The real reasoning behind Medicaid work requirements
Back in January, I wrote a piece for this blog about a move by the Trump administration to allow states to impose work requirements for Medicaid recipients. Since then, three states – Kentucky, Indiana, and Arkansas – have received federal approval to allow them to establish work requirements for adult Medicaid recipients to be eligible for health coverage. At least seven other states have submitted similar requests to impose such requirements, and more are considering the idea.
Arkansas’s Governor Asa Hutchinson said about the requirements, “This is not about punishing anyone. It’s about giving people an opportunity to work. … [I]t’s to help them to move out of poverty and up the economic ladder.” But advocates – and the public – see right through that. In fact, a poll from the Kaiser Family Foundation found that, when asked what they think the reasoning is behind these proposed changes to Medicaid, a larger share of the public (41 percent) believe the main reason is to reduce government spending by limiting the number of people on the program, while only 33 percent say the main reason is to help lift people out of poverty. Even Republicans were almost evenly split on the goal of these proposals; see the graph at the end of this blog for the breakdown of the responses to this question by party affiliation.
We know that proposals to add work requirements are really just a way to push people off programs that help provide basic living standards, in part to pay for things like the bill Congress passed last December to give massive tax cuts to the wealthy and corporations. We also know that work requirements don’t work. They didn’t move people out of poverty in Kansas when the state tied them to TANF assistance. Instead, work requirements may have the opposite effect; by taking away health care, they will make it harder for people to stay healthy and continue working, further threatening their financial security.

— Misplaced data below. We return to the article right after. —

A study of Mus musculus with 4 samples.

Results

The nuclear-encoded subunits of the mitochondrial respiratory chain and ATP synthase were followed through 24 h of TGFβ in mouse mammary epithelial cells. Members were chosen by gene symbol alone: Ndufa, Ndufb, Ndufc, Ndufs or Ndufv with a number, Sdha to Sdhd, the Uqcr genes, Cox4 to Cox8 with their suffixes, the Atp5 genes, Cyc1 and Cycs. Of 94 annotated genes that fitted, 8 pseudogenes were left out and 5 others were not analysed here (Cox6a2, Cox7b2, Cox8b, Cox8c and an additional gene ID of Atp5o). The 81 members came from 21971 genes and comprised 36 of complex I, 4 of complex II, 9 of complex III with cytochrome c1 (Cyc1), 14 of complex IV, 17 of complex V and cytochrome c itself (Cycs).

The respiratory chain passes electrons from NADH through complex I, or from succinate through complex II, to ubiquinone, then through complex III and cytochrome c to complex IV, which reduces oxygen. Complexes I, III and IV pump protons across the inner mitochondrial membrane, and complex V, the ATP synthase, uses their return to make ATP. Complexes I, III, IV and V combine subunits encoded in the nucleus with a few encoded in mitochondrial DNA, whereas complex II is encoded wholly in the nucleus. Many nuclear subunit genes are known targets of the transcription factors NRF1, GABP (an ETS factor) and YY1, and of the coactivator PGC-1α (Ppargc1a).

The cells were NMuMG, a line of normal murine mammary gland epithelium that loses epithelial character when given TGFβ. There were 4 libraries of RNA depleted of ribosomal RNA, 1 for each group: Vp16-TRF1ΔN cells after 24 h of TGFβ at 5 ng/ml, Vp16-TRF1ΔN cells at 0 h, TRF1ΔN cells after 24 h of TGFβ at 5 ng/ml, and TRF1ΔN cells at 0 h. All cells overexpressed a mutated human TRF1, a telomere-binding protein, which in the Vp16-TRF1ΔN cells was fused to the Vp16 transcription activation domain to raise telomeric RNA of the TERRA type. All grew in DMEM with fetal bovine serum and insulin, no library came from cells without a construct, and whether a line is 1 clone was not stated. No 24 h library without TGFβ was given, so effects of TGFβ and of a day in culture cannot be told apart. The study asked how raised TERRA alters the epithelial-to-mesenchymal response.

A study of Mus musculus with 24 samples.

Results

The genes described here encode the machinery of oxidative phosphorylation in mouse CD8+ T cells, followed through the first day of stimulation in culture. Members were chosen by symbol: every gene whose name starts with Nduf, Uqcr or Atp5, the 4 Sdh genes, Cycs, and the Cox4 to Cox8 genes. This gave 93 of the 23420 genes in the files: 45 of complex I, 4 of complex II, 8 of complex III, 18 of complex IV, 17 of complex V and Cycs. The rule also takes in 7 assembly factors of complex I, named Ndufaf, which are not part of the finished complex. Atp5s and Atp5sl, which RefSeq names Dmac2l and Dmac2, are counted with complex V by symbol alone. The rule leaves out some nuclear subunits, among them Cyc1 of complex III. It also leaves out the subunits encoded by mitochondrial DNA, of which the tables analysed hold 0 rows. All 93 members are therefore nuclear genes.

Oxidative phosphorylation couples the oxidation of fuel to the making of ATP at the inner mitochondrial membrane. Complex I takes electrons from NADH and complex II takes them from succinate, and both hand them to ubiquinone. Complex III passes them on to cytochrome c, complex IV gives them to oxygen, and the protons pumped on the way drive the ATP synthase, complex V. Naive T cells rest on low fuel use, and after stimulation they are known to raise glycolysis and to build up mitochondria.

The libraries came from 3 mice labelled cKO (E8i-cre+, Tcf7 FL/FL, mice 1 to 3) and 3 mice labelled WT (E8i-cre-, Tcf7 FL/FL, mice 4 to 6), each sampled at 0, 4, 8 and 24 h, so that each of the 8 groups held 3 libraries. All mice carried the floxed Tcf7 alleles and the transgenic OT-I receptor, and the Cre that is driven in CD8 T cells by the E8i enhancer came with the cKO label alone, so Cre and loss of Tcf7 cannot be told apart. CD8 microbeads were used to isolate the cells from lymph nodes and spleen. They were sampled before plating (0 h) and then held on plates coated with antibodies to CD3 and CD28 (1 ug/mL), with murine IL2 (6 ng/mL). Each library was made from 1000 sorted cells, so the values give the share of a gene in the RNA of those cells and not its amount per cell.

While proponents of these proposals claim that people with disabilities won’t be affected, our friends at the Arc know that,
“For nearly 5 million people with disabilities, a work requirement could mean less coverage, worse health and, ironically, fewer chances to find or keep a job.”
We also know that work requirements on Medicaid will harm people with mental health conditions. Similar proposals to allow work requirements to be added to housing assistance and to make harsher already-existing work requirements on SNAP/food stamps will similarly harm families, including many workers and children.
A subcommittee of the House Education and Workforce Committee is holding a hearing on work requirements and welfare programs on Thursday, March 15 at 10 a.m. ET. You can watch a live stream of the hearing here. If you have the chance to watch the hearing, please share your thoughts about it in the comments section below, or share what you would like to see at the hearing.
Access to medical care is critical to keeping people healthy, which allows them to work as they are able. To learn more about Medicaid work requirement proposals being tracked in the states, click here. For statements, infographics and other resources related to work requirements, check out CHN’s Protecting Basic Needs Programs webpage.